Governments worldwide are grappling with the challenges of regulating artificial intelligence (AI) as OpenAI’s ChatGPT continues to raise concerns. The rapid advancement of AI technology, exemplified by ChatGPT, is making it increasingly difficult for governing bodies to establish comprehensive laws governing its use. However, various countries and international organizations are taking steps to address these concerns and develop regulations. Here is an overview of the measures being implemented around the world:
Australia: Australia is introducing new codes to compel search engines to prevent the sharing of child sexual abuse material created by AI and the production of deepfake versions of the same material.
Britain: At the first global AI Safety Summit held at Bletchley Park, over 25 countries, including the US, China, and the EU, signed the Bletchley Declaration, emphasizing the need for collaboration and a common oversight approach. In support of this, Britain announced an increase in funding for the AI Research Resource to ensure advanced AI models are developed safely. Additionally, Britain plans to establish the world’s first AI safety institute to assess the risks associated with various AI models.
China: China expressed its willingness to enhance collaboration on AI safety and contribute to the development of an international governance framework. It has already published proposed security requirements and temporary measures to regulate the offering of AI services.
European Union: European lawmakers have reached an agreement on the designation of high-risk AI systems, a pivotal aspect of new AI rules. This progress brings the EU closer to finalizing the landmark AI Act, which is expected to be unveiled in December. Furthermore, European Commission President Ursula von der Leyen has called for the establishment of a global panel to evaluate the risks and benefits associated with AI.
France: France’s privacy watchdog has initiated an investigation into ChatGPT following complaints.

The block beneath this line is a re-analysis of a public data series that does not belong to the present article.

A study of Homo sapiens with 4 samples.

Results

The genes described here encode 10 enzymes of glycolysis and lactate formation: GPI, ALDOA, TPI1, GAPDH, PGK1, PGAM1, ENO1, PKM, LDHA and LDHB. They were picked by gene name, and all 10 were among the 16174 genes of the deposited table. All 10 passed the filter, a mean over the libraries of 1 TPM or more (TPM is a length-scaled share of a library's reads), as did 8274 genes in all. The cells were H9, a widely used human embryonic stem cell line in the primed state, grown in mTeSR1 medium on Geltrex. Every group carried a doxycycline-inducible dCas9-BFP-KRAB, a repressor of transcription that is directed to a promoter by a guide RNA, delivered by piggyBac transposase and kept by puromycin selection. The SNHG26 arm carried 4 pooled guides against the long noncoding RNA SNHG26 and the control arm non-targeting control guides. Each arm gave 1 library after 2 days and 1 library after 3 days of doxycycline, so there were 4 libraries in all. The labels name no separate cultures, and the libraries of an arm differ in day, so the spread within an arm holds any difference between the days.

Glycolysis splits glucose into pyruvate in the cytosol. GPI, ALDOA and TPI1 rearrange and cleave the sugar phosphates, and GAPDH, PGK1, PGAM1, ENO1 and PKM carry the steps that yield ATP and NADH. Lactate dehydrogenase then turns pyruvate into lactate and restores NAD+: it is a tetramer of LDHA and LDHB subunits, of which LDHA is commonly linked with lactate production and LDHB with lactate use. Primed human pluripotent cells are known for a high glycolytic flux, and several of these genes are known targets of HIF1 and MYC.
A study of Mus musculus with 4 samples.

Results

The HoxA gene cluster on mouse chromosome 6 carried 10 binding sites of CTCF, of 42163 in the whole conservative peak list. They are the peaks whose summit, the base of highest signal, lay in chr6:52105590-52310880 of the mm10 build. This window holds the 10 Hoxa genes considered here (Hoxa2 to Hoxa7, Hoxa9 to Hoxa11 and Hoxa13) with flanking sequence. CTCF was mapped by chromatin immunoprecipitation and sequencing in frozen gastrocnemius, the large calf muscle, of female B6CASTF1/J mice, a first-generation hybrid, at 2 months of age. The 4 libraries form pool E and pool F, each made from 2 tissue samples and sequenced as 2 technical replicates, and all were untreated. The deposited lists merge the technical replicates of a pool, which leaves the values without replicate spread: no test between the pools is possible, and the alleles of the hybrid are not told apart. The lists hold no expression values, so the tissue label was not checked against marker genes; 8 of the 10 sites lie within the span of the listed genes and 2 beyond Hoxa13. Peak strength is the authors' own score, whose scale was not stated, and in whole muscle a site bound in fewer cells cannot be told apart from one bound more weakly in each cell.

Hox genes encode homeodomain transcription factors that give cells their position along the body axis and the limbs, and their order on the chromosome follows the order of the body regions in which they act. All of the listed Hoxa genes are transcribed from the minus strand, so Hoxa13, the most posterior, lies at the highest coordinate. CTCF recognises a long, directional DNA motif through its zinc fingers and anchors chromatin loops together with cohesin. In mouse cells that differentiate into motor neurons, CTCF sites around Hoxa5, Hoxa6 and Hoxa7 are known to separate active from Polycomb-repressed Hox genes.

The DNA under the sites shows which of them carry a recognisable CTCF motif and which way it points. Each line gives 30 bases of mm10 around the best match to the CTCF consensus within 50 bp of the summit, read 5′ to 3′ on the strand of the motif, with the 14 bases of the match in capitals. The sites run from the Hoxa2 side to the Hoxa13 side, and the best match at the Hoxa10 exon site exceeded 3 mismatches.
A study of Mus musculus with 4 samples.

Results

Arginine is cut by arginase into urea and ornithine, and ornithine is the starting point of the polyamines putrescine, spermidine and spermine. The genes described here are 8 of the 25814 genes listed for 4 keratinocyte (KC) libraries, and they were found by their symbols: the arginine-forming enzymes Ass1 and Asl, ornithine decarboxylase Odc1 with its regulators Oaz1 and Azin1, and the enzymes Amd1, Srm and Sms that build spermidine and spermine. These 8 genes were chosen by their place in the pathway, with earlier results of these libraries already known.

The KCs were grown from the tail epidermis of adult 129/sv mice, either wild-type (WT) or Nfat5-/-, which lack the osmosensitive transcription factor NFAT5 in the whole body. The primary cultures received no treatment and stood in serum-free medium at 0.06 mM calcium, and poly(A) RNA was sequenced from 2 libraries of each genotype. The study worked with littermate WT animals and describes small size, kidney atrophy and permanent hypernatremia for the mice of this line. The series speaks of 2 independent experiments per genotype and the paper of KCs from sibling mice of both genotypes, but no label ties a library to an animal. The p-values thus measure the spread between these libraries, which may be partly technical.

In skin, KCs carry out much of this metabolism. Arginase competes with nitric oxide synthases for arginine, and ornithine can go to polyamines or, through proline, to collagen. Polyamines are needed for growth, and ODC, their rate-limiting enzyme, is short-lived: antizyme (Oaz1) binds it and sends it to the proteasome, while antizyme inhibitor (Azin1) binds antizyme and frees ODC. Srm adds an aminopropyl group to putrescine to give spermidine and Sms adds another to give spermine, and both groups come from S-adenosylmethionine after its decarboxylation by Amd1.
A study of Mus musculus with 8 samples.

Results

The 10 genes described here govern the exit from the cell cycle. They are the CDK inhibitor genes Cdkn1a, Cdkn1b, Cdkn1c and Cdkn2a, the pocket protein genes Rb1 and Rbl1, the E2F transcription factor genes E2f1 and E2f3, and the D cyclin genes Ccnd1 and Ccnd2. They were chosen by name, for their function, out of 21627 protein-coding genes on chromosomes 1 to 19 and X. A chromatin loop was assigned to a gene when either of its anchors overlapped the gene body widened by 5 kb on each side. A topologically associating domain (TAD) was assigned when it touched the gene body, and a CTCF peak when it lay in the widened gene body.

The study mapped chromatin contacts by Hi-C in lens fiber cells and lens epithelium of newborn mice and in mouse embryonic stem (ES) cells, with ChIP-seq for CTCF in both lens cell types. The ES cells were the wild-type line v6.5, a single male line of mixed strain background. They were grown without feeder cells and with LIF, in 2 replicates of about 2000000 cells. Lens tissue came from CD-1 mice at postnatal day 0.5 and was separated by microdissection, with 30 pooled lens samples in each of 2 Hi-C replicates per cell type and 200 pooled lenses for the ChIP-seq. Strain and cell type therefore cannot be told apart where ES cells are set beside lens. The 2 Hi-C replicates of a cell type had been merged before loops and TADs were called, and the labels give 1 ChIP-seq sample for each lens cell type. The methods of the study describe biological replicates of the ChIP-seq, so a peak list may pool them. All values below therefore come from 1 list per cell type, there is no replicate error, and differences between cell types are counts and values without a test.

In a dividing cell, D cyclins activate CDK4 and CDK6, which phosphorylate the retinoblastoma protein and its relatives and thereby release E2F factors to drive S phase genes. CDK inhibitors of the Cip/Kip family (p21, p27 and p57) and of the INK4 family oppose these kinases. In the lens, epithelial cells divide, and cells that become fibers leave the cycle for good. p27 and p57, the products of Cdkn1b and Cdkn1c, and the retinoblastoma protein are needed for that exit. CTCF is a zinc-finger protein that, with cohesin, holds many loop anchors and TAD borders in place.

G7: The Group of Seven countries has agreed on an 11-point code of conduct for companies developing advanced AI systems, with the aim of promoting safe and trustworthy AI globally.
Italy: Italy’s data protection authority plans to review AI platforms and recruit experts in the field. Although ChatGPT was temporarily banned in the country earlier this year, it was later made available again.
Japan: Japan intends to implement regulations closer to the US approach, rather than the stricter ones proposed by the EU, by the end of 2023. The country’s privacy watchdog has also cautioned OpenAI against collecting sensitive data without individuals’ consent.
Poland: Poland’s Personal Data Protection Office is investigating OpenAI over a complaint alleging that ChatGPT violates EU data protection laws.
Spain: Spain’s data protection agency has launched a preliminary investigation into potential data breaches involving ChatGPT.
United Nations: The UN Secretary-General has announced the creation of a 39-member advisory body, consisting of tech company executives, government officials, and academics, to address issues related to the international governance of AI. The UN Security Council held its first formal discussion on AI in July, recognizing its potential impact on global peace and security.
United States: The US plans to establish an AI safety institute to assess the risks associated with frontier AI models. Additionally, President Joe Biden issued an executive order requiring developers of AI systems posing risks to national security or public welfare to share the results of safety tests with the government. Congress has also held hearings on AI and hosted an AI forum featuring industry leaders, discussing the need for an AI referee in the US.
As governments worldwide grapple with the complex task of regulating AI, these initiatives highlight the global efforts to ensure the safe and responsible use of this powerful technology.